Photograph Source: United States House of Representatives – Public Domain

Several features stand out in the impeachment quest against President Donald J. Trump. There is constitutional discourse as mythology and fetish. There is outrage that the executive office could have been used to actually investigate political opponents through foreign agents. There is cattiness over whether the conduct of the president veered into the territory of criminality, or fell somewhat short in his incessant obstruction.

One theme stands out: The sheer divisiveness of this effort, which tore at the Democratic camp even as it encouraged Trump. As Democrats reflected over the House vote (230 to 197) to give Trump the constitutional heave-ho to the Senate, no sores have been healed, or divisions patched across the country. House Speaker Nancy Pelosi was also careful not to give an explicit show of delight. Trump the symptom remains, his voting base not necessarily convinced or persuaded.

This is something Trump is reaping with manic persistence. In a letter to Pelosi, he blustered that, “More due process was afforded those accused in the Salem Witch Trials.” He had been “denied the most fundamental rights afforded by the Constitution, including the right to present evidence.” The Democrats had been, he charged, obsessed by a “partisan impeachment crusade”.

He also reiterated the basis of murky political strategy, something that resists the parameters of legal fettering. “You know full well that Vice President Biden used his office and $1 billion dollars of US aid money to coerce Ukraine into firing the prosecutor who was digging into the company paying his son millions of dollars.” This is a less than noble reminder that US politics remains, at its heart, darkened, a condition that refuses to heal.

The position taken by moderate Democrats is that voting for the measure might not have been a politically sound thing from a self-interested point of view, but was inevitable. “If I lose my seat, so be it,” reflected New York Democratic Rep. Anthony Brindisi. “At the end of the day, I had to do what I felt was right for our country and the rule of law.”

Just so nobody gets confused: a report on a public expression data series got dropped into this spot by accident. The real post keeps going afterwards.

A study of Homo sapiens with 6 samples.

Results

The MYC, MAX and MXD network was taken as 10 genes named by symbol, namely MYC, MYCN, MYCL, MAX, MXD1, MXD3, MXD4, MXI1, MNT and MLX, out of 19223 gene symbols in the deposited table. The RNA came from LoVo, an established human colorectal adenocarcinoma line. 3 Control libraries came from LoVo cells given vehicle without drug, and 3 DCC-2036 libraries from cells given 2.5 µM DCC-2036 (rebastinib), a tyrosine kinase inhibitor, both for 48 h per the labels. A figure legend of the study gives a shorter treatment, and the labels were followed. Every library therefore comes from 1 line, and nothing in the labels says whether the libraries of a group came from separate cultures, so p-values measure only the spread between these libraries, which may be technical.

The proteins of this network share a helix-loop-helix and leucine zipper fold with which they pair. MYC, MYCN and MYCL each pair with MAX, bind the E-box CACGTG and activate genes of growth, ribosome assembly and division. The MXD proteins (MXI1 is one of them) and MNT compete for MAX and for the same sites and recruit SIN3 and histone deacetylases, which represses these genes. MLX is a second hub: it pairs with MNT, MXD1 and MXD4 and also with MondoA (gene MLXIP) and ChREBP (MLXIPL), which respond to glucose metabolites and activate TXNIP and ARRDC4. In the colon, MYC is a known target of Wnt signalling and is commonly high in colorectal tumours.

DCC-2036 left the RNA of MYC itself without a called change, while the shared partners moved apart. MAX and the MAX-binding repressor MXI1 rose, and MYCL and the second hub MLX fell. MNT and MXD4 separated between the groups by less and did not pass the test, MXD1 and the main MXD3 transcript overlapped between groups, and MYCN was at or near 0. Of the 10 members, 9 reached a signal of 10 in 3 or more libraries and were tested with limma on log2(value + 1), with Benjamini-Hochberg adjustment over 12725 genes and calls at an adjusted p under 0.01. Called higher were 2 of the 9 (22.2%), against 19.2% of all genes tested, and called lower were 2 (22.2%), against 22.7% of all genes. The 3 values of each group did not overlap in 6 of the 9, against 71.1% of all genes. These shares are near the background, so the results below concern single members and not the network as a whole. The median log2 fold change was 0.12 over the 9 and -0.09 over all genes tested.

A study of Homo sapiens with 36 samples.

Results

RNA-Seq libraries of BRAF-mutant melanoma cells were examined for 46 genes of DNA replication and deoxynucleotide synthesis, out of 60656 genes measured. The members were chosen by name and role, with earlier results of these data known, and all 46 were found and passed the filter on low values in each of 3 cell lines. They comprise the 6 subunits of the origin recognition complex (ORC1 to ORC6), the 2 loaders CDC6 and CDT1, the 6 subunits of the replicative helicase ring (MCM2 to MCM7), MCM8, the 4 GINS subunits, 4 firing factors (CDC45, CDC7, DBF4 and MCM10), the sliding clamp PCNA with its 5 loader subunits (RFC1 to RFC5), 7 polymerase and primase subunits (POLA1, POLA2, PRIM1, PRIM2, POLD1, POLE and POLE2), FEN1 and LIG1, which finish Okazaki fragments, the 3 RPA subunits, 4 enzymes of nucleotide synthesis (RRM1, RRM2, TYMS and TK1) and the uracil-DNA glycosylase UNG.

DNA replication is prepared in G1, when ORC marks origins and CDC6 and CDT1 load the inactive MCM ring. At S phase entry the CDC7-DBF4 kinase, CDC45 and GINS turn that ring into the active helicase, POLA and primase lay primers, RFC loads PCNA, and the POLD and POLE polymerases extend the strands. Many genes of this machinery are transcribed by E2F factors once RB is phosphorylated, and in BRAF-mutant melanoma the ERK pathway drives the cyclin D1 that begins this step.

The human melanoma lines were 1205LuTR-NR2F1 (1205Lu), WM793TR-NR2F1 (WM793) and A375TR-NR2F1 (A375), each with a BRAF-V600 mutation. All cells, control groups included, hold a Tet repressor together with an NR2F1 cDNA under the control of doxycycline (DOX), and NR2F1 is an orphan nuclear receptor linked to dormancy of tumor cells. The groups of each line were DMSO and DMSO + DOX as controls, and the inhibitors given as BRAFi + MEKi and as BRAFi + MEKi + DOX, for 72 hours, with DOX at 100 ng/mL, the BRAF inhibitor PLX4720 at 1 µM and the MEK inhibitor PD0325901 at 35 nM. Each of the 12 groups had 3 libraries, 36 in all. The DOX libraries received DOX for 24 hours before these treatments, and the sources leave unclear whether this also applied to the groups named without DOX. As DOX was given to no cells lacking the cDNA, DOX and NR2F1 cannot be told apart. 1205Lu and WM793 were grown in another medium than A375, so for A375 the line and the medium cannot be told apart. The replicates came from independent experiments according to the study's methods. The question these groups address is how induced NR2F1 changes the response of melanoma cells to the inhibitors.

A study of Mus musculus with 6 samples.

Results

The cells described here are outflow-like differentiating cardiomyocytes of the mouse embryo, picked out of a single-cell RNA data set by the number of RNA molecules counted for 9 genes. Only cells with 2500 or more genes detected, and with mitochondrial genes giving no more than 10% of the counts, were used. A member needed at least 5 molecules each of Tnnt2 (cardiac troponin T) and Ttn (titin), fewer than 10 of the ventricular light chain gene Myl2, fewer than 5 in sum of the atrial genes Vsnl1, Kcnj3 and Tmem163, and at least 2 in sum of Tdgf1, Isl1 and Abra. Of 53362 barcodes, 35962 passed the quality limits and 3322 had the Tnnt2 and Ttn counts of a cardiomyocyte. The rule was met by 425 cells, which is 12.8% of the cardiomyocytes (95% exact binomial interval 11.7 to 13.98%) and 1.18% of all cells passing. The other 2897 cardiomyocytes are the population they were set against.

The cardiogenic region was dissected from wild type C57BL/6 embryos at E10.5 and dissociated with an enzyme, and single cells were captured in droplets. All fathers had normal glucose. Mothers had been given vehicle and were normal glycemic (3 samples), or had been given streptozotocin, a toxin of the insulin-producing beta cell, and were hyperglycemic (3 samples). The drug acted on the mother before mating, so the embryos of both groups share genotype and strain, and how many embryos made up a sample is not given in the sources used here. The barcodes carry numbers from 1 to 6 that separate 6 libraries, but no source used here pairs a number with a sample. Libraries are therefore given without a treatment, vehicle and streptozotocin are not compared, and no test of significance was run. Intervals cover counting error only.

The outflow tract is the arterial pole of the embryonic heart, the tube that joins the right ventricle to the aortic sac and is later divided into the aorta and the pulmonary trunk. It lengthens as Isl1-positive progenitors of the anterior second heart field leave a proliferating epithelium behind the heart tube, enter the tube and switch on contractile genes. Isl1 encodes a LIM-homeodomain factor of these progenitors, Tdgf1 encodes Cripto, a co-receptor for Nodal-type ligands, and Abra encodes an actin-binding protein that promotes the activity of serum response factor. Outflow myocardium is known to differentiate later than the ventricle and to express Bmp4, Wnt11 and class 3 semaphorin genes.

What the impeachment process cannot escape from is politics. As Gerald Ford stated while a House Rep., an impeachable offence might be best described as “whatever a majority of the House of Representatives considers to be at a given moment in history.” The very idea of what consists of “high crimes and misdemeanours” outlined in Article II, Section 4 encourages sufficient vagueness and manipulation. That particular edition was George Mason’s contribution nine days before the Framers signed the Constitution, one made out of concern that “treason” failed to appropriately net other attempts “to subvert the Constitution”. But in Law’s empire, there is no agreement as to whether such words suggest a criminal threshold.

Even then, terms such as “bribery” are up for debate. Philip Bobbitt of Columbia University suggests that President Trump did sail close to it in his dinner with then-FBI director James Comey. The occasion saw Trump inquiring of Comey as to whether he wanted to keep his job, suggesting that he terminate the Russia investigation. But even Comey was reluctant to suggest that there had been such an explicit point.

The relevant part of the Constitution highlighting the powers of the Senate vis-à-vis impeachment can be found in Article I, section 3, clause 6: “The Senate shall have the sole Power to try all Impeachments. When sitting for that Purpose, they shall be on Oath or Affirmation. When the President of the United States is tried, the Chief Justice shall preside: And no Person shall be convicted without the Concurrence of two thirds of the Members present.” The requirement for the Chief Justice’s presence furnishes a legal gloss, but nothing more.

However framed, be it legal or judicial, the senators will not be required to have legal training or awareness of the finer points of law to deal with the matter. The Senate now assumes the position of judge and jury, a problematic state of affairs that involves, as Charles L. Black Jr. wrote in 1974, “the conscience of each senator, who ought to realize the danger and try as far as possible to divest himself of all prejudice. I see no reason why this cannot produce a satisfactory result.”

Black’s confidence in senatorial capacity is charming and misplaced. It challenges the senators to shed partiality and examine the evidence with sobriety and confidence. Perhaps it is for that reason that his words, as Akhil Amar suggests in a foreword to a second edition of Black’s Impeachment: A Handbook, “are cool, not hot.” Be mindful of haste and impulse; “shrink from this most drastic of measures”, he cautions. Only when “the rightness of diagnosis and treatment is sure” should such a process be deployed.

Already, we know what Senate Majority leader Mitch McConnell has promised. “I’m not an impartial juror. This is a political process. There’s not anything judicial about it.” For Senator McConnell, the entire episode regarding Trump has been a matter of highest and most venomous partisanship. “The House made a partisan political decision to impeach. I would anticipate we will have a largely partisan outcome in the Senate.”

The Republicans have trained their weapons upon the Democrats, expecting a vengeful US electorate to be suitably punitive come 2020. They, like the Democrats, have also made a gamble on Trump, albeit from the opposite side of the chamber. “Today, December 18, 2019,” posed Representative Mike Kelly of Pennsylvania, “is another date that will live in infamy.” How that infamy translates in Trumpland promises to be decidedly toxic and volatile.